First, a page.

Oppositional defiant disorder is teen behavior problem. ODD is quite a common mental health disorder in children and teens. The patterns of ODD are often seen in early childhood first. Even kids as young as preschool age found to have the disorder. Children that do not outgrow the symptoms of ODD may develop ever more rowdy behaviors in adolescence.
What is ODD in a Teenager?
Kids of all ages can be hostile and angry at times. But teens with ODD will display poor behavior patterns for more than six months. These might include:
- Rejects authority
- Refusal to follow rules
- Verbal aggression
- Has very negative outlook
- Angry outbursts
- Argues, doesn’t cooperate
- Stubborn behaviors
Having a teen with ODD can be taxing on families, teachers, fellow students, and friends. The teen simply does not have the skill-set to respond appropriately. When these teens feel challenged, they lash out. They express their frustration in negative ways. The bad behavior leads to punishments, which leads to more acting out, like a vicious cycle.
ADHD is very common among teens with ODD. Teens with ODD may also struggle with anxiety disorders, depression, bipolar disorder, and learning disorders. After the teen is assessed a mental health provider will be able to design a treatment plan. A thorough review of symptoms will provide the details that can help form a tailored plan. Having a plan in place is important for parents who are weary from failed attempts to manage the teen’s ODD.
Crafting an ODD Treatment Plan for Teens
Raising a child or teen with ODD is taxing. Every day becomes a battleground where tempers flare and voices rise. Often the teen learns how to manipulate the adults in their life. Parents reach a point when they want to give up. They feel they simply cannot manage their teen anymore and need help.
As part of the process of making an ODD treatment plan, a thorough psychiatric evaluation is done first. This includes an meeting with the parents. Parents can shed light on causal factors such as life events that may be factors in the ODD. These details help create a valid Oppositional Defiant Disorder treatment plan.
There are many factors that can play into ODD. Some of these might include:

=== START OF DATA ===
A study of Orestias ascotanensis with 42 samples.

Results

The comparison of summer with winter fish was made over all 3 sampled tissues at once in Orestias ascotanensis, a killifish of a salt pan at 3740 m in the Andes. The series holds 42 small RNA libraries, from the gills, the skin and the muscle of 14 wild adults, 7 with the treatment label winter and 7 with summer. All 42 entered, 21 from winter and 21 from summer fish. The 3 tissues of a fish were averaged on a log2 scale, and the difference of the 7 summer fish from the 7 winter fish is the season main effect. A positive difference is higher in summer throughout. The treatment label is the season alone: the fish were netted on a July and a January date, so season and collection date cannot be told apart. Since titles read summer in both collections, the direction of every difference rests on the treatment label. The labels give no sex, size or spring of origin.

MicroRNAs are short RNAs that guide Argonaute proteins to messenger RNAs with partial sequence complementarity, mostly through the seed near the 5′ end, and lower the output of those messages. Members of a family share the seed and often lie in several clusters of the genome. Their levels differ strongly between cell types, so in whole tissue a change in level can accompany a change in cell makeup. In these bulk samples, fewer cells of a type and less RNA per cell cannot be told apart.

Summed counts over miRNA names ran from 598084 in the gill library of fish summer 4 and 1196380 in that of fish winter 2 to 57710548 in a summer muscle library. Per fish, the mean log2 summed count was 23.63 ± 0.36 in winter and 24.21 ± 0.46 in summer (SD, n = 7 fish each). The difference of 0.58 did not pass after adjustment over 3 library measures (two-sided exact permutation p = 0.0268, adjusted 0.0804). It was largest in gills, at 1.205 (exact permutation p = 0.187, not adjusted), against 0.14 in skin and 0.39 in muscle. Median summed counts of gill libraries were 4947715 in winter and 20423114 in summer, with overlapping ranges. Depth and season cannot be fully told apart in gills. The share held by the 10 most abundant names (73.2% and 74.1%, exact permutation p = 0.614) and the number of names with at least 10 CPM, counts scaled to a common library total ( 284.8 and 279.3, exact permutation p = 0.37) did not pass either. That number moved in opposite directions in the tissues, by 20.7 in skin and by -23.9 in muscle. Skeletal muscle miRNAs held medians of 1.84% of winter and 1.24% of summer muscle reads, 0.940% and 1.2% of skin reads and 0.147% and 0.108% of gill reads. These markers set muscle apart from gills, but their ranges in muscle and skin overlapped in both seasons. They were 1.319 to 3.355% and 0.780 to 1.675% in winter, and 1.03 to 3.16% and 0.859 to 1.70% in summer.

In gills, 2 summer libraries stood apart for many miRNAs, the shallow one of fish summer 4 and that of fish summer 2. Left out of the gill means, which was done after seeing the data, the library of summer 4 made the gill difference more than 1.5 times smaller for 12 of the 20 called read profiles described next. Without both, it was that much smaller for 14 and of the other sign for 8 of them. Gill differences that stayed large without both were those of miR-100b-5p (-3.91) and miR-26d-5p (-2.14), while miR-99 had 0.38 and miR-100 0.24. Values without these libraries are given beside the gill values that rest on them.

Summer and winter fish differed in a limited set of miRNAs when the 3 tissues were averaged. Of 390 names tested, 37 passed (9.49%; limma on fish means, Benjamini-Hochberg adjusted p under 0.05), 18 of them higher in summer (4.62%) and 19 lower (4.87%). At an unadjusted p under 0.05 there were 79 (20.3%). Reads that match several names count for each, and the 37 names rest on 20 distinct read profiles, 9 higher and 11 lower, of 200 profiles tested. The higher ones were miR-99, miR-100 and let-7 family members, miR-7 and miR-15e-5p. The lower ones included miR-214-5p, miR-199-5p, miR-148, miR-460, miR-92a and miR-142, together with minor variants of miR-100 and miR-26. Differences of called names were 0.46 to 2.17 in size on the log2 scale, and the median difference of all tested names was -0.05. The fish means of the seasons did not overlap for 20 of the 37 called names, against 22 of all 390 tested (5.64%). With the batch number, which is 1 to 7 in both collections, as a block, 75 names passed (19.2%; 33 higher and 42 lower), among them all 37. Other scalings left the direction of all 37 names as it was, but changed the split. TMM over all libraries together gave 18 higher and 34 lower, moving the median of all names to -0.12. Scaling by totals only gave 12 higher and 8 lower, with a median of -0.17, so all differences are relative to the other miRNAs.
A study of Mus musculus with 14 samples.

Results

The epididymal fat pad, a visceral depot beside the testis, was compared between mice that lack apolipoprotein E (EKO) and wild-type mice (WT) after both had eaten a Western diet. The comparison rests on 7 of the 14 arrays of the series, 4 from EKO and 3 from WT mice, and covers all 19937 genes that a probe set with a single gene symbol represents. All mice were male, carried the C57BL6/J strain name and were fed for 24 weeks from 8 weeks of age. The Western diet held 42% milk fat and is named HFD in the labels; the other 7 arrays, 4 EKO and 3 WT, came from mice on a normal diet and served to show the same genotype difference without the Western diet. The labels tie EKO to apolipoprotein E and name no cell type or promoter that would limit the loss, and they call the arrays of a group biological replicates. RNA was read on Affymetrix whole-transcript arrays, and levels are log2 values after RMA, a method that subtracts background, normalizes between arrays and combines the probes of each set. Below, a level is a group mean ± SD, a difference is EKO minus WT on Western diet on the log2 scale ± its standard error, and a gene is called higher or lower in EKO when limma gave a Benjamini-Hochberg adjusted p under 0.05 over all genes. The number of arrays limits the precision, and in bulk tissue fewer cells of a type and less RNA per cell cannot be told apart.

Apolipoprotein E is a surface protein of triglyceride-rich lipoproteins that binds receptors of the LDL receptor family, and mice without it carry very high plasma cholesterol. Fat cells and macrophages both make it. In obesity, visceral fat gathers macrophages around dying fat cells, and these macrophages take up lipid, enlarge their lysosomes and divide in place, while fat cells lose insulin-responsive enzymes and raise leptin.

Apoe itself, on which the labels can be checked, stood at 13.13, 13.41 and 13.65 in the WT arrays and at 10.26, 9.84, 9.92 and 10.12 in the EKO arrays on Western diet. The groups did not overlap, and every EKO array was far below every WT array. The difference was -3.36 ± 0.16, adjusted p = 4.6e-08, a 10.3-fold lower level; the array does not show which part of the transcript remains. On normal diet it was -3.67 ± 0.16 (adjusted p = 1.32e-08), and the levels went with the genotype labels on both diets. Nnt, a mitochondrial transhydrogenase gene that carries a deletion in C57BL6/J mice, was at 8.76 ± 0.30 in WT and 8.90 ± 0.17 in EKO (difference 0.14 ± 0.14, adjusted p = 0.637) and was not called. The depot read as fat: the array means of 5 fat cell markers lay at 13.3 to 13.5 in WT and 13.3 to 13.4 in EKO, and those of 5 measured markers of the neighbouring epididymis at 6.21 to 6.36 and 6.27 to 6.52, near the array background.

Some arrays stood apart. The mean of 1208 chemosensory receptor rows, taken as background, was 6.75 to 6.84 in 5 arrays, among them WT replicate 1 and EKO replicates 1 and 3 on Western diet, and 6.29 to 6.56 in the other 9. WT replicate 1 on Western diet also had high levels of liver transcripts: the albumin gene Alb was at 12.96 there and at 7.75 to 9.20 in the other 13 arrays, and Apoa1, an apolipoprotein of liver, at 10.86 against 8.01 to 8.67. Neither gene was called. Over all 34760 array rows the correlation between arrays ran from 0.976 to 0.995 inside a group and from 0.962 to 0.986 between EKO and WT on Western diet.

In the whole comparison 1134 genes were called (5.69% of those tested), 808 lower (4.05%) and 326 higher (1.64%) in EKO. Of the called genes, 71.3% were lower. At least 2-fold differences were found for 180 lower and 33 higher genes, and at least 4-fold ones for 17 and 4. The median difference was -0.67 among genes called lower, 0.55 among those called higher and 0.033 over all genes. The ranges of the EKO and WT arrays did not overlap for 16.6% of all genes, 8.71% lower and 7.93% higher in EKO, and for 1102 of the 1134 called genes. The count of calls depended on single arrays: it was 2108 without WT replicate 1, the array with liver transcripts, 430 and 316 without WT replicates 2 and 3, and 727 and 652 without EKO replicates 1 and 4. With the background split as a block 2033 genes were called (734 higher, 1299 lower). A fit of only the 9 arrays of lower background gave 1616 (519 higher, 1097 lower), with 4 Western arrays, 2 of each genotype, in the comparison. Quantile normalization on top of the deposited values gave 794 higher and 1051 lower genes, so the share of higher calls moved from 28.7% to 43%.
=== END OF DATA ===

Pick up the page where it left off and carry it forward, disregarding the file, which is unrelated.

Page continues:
- Brain: Some brain studies have shown that kids with ODD have slight differences in the brain’s limbic region. This is where executive functions take place.
- Genes: Children whose parents had ODD, ADHD, substance use disorders, or mood disorders are more prone to ODD.
- Personality traits: A child’s disposition and temperament can play in to ODD.
- Environment: Home and family life are factors in ODD. Children who did not receive supervision and structure, or were abused are at higher risk.
Based on the needs and symptoms of each teen a tailored plan is devised. Treatment can include meds if there is a mood disorder or ADHD present.
What Therapies Work Best for an ODD Teenager
Treatment for ODD will last for several months. This requires a time commitment from the parents, the teen, and teachers who will work together. Treatment for ODD involves a the following:
- Cognitive problem-solving skills training
- Parent management training
- Family therapy
- Individual psychotherapy
Therapy for ODD should be behavioral-based, and may include a reward system. Rewards help reinforce new coping skills, social skills, and positive behavior. Parents will learn better discipline techniques through the family focused piece. This helps parents regain control within the home.
BNI Treatment Centers Provides ODD Treatment Plans for Teens
BNI Treatment Centers is a residential mental health treatment program for teens. BNI offers acute stabilization and treatment for a range of mental health disorders, including ODD. By creating an custom ODD treatment plan it will address the unique features of each teen’s case. BNI Treatment Centers can offer hope to both the teen and their family. For learn more about our program, please contact BNI Treatment today at (888) 522-1504.